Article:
Over the last three decades, girls’ academic and postsecondary outcomes have exceeded those of boys. Parents and educators are seeking solutions to foster students’ college attainment and career success. Committed to equity, the educational system must acknowledge that boys are falling behind and work to reverse this trend.
Educators and Virtual VISION presenters Speranta Klees and Aaron Parsons recommend a solution to help remedy the alarming decline in the academic performance of boys and propel them into successful postsecondary attainment: career and technical education (CTE). CTE provides all secondary students a powerful set of advantages to ignite college success:
- Early college opportunities
- Greater self-efficacy — a belief in one’s ability to solve problems
The staff at Western Maricopa Education Center (West-MEC), the largest CTE district in the greater Phoenix, Arizona, area, examined scholarship from the Pathways to Prosperity Project at Harvard University’s Graduate School of Education. And we found a common reason students drop out of high school and college:
“…too many can’t see clear, transparent connection between their program of study and tangible opportunities in the labor market.”
West-MEC staff intentionally make those connections evident to students to ensure program completion and industry certification. With program completion and industry certification rates in the high 90% range, West-MEC’s next big step was to align its programs with postsecondary pathways.
West-MEC students can earn up to 52 college credits in aviation technology or 30 college credits in IT security, to highlight only two programs.
“Dual enrollment helps me with my college career by giving me a great direction for my future studies,” said Calista Orr, a student in automotive technology.
West-MEC data shows increased participation in early college programs by all students. We are also now seeing more senior boys completing high school, achieving in-demand industry certifications and even earning associate degrees.
Garrett Williams, an aviation program completer, is proud of his effort: “West-MEC was a good experience to get me to the final outcome, which was to work at an airline. It was a lot of work, but the benefit to graduate with my diploma, an associate degree, and my air frame & powerplant certification was worth the effort!”
Self-efficacy leads to achievement.
Recent studies link grit, self-efficacy and student achievement, validating West-MEC’s core belief that success leads to success. As students, including boys, reach higher GPAs, grow a bank of college credits, and experience academic success and career pathway activities, their sense of efficacy increases. With increased self-efficacy, students become grittier and develop a renewed confidence in their ability to complete college. Our CTE pathways create option-rich links between high school, college and career.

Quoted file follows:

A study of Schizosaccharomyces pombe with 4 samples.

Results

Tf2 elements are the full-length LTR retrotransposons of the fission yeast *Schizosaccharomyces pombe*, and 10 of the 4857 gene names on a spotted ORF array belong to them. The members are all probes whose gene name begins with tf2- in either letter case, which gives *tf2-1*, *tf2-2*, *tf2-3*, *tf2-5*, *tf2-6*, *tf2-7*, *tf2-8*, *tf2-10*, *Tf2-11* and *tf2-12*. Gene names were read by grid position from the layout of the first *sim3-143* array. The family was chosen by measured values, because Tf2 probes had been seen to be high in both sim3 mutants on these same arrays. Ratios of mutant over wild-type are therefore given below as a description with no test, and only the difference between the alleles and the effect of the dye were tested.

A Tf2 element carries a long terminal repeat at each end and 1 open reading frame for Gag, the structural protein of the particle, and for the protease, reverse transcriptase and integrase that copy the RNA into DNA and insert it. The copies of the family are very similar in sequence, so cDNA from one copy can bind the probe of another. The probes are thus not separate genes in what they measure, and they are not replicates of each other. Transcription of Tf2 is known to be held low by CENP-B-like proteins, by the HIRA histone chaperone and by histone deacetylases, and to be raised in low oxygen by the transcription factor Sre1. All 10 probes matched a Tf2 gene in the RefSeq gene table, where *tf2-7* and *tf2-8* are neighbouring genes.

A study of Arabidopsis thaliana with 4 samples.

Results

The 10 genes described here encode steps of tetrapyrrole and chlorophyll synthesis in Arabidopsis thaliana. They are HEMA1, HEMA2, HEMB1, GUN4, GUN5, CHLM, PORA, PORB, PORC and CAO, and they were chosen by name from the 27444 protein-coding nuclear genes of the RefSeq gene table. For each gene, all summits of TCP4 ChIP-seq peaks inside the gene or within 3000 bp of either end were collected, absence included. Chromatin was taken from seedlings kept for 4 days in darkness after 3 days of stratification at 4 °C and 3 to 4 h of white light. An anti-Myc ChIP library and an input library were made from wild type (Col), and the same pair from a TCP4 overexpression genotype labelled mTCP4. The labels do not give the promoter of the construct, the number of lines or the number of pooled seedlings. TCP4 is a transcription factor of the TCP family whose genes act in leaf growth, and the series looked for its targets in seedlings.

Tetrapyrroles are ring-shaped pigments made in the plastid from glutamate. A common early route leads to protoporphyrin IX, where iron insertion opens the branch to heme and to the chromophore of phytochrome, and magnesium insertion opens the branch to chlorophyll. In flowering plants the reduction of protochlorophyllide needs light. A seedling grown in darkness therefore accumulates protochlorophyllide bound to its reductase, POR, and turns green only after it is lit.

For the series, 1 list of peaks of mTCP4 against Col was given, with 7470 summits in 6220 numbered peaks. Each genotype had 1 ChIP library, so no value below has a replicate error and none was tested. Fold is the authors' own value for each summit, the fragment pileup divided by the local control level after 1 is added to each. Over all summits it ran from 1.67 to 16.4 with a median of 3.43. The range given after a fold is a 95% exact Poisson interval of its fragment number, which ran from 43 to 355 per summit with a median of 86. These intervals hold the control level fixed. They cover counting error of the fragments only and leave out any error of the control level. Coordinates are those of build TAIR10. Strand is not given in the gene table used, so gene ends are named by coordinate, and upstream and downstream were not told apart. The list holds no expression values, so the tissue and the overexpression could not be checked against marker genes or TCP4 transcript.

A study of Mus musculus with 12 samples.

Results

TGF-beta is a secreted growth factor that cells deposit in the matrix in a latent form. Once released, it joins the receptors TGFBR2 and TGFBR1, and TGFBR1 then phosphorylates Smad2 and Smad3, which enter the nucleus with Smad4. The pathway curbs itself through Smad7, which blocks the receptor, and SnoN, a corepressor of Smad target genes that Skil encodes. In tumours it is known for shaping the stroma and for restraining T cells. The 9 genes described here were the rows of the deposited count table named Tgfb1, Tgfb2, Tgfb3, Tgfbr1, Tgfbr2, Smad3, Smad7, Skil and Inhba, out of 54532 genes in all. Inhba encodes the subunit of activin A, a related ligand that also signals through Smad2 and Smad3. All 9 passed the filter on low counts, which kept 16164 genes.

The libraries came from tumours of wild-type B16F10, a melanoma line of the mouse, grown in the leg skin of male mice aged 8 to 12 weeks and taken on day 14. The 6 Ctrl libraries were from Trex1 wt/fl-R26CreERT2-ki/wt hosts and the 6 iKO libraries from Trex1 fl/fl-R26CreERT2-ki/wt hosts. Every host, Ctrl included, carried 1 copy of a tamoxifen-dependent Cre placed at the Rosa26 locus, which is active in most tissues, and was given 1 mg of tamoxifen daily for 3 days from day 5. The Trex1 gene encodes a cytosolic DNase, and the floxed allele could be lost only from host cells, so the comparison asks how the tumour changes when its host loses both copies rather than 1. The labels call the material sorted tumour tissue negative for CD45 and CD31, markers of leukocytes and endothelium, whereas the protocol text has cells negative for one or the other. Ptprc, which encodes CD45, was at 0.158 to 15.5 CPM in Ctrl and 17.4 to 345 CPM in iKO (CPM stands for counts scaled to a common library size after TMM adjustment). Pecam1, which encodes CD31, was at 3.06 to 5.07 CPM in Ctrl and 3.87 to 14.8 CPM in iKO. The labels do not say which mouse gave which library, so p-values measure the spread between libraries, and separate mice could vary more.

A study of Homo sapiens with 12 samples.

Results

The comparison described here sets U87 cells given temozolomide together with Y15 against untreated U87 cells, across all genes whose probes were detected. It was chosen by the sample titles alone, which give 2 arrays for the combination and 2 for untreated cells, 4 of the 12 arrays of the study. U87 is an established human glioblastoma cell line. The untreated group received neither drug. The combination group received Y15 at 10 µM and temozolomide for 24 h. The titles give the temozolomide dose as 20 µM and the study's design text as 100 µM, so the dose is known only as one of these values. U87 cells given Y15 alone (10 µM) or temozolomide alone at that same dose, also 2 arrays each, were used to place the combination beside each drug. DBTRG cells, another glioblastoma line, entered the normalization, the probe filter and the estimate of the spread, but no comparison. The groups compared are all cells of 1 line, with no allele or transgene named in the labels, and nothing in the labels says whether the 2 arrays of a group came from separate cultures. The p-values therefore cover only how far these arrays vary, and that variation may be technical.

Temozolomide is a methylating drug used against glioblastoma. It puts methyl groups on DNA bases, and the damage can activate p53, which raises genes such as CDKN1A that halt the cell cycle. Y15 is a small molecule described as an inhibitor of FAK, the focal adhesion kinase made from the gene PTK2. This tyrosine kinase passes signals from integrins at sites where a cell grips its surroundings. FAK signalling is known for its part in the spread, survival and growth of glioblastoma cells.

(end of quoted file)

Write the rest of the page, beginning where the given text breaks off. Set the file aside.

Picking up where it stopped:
How does West-MEC help boys with specific strategies for success?
We know that reading and writing are strong predictors of success. We also know these are the areas in which boys fall the farthest behind girls. By eighth grade in the U.S., 41% of girls are, at minimum, proficient in these skills and only 20% of boys are. Behind in reading, many boys can’t work though word problems and long sentences to get to the math calculations they are typically able to solve. Thus, poor reading skills lower boys’ math assessment scores as well.
The technical reading material that is inherent to CTE (e.g., charts, diagrams or how-to manuals) may effectively challenge male students to increase their comprehension and vocabulary skills. At West-MEC, we use technical manuals to extend skills further through the application of speaking, writing, reading and listening (SWRL) strategies. With technical reading as the foundation, we see boys and girls achieve parity in reading assessments; moreover, we also see gains in the math assessments of both sexes.
The typical classroom norm — sitting, talking and listening — is hard for many boys. Movement is the preferred learning style for boys, and its use decreases progressively as boys matriculate through high school. When CTE classes integrate movement, learners are better able to understand the material. They become more motivated to achieve higher and succeed. At West-MEC, we determined our coding program did not offer enough movement, so we added five minutes of moderate to vigorous physical activity each day. Due to the COVID pandemic, this intervention is, of course, on hold.
Take notice: Boys are largely absent from scholarship, awards or college admissions.
All students, especially boys, are much more likely to complete a rigorous postsecondary pathway if it clearly links current with future learning and aligns career goals.
West-MEC maintains that success leads to success. All students can succeed.” With the adoption of deliberate alignment and guidance toward dual and concurrent enrollment, and a hands-on, movement-oriented environment, boys develop an increased sense of efficacy toward postsecondary pathways. All students deserve postsecondary attainment within their grasp.
Tune in to ACTE’s CareerTech Virtual VISION, Nov. 30–Dec. 4, for more from Speranta Klees and Aaron Parsons. Don’t miss their session — Left Behind: Boys Need CTE.
Speranta Klees is the postsecondary partnerships manager for West-MEC.
Aaron Parsons, Ed.D., is an assistant campus administrator at West-MEC.